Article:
Millions of people around the world get to see the work of a University of Northampton graduate every time they turn on their mobile phones.
Peter Crawley was chosen to design a start-up sequence for Motorola’s mobile handsets, after his work caught the eye of a fellow Northampton graduate, who works for the telecoms giant.
Peter specialises in ‘stitched illustrations’, in which he hand-pierces paper with a pin, and then stitches it with a needle and thread.
You can watch Peter’s hand-stitched illustration sequence below.
Watch how Peter created the illustration below.
Peter, who graduated from the Product Design course in 2006, first hit upon his stitched illustration concept following a US road trip with four fellow Northampton graduates in 2008.
“We drove a Winnebago from New York to San Francisco, 3,500miles coast to coast,” he said.
“We saw some amazing things along the way and when we got back I wanted a physical reminder of the trip on my wall. Photos did not do the trip justice as I couldn’t summarise everything in a small selection.
“That’s when I decided to illustrate the route, rather than one moment along it.
“I took reference from old maps and route markers and played with materials I’d not previously used. It was pure experimentation.”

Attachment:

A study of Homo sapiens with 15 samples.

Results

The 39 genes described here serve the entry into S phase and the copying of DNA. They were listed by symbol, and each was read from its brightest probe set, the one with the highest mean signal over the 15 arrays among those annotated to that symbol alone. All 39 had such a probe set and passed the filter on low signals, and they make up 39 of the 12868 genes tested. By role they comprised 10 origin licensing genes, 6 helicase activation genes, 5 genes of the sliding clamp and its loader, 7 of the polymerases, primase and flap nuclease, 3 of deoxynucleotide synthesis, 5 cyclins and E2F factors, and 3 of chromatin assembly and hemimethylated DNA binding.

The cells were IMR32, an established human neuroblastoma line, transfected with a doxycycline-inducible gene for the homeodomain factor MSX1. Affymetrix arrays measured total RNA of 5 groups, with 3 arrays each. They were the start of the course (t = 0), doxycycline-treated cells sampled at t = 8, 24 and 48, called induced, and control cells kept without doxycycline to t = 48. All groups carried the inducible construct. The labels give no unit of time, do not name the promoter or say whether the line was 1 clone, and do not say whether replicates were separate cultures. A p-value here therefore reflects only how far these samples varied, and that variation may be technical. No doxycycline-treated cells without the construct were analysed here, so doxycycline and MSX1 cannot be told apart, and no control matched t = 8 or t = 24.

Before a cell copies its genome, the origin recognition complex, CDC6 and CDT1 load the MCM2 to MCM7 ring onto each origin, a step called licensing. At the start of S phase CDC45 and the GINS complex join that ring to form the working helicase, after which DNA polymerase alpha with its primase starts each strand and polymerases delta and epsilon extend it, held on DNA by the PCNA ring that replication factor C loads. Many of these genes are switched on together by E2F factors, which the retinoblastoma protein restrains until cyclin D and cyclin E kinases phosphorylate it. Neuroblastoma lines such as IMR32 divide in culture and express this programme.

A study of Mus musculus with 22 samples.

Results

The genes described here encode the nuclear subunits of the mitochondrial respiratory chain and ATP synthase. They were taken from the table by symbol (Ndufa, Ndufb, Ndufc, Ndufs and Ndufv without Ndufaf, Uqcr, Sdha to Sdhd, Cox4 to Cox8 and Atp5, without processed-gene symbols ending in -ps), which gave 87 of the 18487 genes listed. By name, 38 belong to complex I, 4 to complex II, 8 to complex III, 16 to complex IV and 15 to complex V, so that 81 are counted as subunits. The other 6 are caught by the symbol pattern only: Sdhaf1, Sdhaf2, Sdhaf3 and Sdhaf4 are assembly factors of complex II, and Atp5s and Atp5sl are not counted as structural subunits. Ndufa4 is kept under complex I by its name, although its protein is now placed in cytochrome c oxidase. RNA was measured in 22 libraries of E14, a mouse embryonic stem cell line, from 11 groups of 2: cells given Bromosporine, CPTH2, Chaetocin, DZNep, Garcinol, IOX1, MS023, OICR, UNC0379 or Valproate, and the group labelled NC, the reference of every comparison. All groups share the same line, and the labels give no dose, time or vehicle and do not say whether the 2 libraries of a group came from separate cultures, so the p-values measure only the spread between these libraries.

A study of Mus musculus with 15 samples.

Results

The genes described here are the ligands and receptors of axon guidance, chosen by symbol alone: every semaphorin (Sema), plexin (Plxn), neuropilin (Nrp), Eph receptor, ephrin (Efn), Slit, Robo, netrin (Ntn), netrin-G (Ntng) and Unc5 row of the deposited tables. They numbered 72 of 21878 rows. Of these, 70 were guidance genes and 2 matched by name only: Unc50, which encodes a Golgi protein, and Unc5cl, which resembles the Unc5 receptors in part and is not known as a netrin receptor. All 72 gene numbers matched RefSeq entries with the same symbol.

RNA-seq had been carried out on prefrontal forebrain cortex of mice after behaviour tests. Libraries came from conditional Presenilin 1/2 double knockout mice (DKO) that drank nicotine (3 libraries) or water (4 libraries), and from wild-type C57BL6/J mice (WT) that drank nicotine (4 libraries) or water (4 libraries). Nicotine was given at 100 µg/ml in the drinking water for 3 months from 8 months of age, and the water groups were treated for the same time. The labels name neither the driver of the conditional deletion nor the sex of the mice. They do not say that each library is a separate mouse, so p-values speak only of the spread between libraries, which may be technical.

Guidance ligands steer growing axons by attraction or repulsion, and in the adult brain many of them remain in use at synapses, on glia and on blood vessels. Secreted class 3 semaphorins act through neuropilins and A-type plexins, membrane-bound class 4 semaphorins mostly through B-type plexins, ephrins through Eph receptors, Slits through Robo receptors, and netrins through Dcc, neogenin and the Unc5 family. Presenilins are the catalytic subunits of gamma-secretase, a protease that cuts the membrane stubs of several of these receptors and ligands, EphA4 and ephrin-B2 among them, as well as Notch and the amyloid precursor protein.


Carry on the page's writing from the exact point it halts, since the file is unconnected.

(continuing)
As Peter developed his work, he started getting noticed by creative agencies, but it was a call from his old uni friend and fellow US roadtripper, Chris Clare, that led to his stitched illustrations going global.
He said: “Chris ended up working at Motorola in San Francisco. We had wanted to work together for a while and when he had a brief for a mobile phone start-up sequence that needed to look organic and not technical he put my name forward.
“It was an amazing project and knowing millions of people will have seen it across the world is fantastic.”
Now head of design at Tensator Group, and with agency experience working for clients including Porsche and London 2012 Olympics, Peter also works as an independent designer. His clients have included British Airways, Elle Decoration, Harvey Nichols, Liberty London, Neiman Marcus, Saatchi & Saatchi, Vanity Fair and Wired.
He feels his time on the BSc Product Design course gave him the perfect grounding for success in the creative industries.
“The course had a great mix of creative, technical and business elements,” said Peter.
“The business side of design is often overlooked, but it is becoming more and more critical in the workplace – whether that be for your own self-promotion, landing a job or running a business and everything in between. We also touched on intellectual property, again, something that all creatives should be aware of.”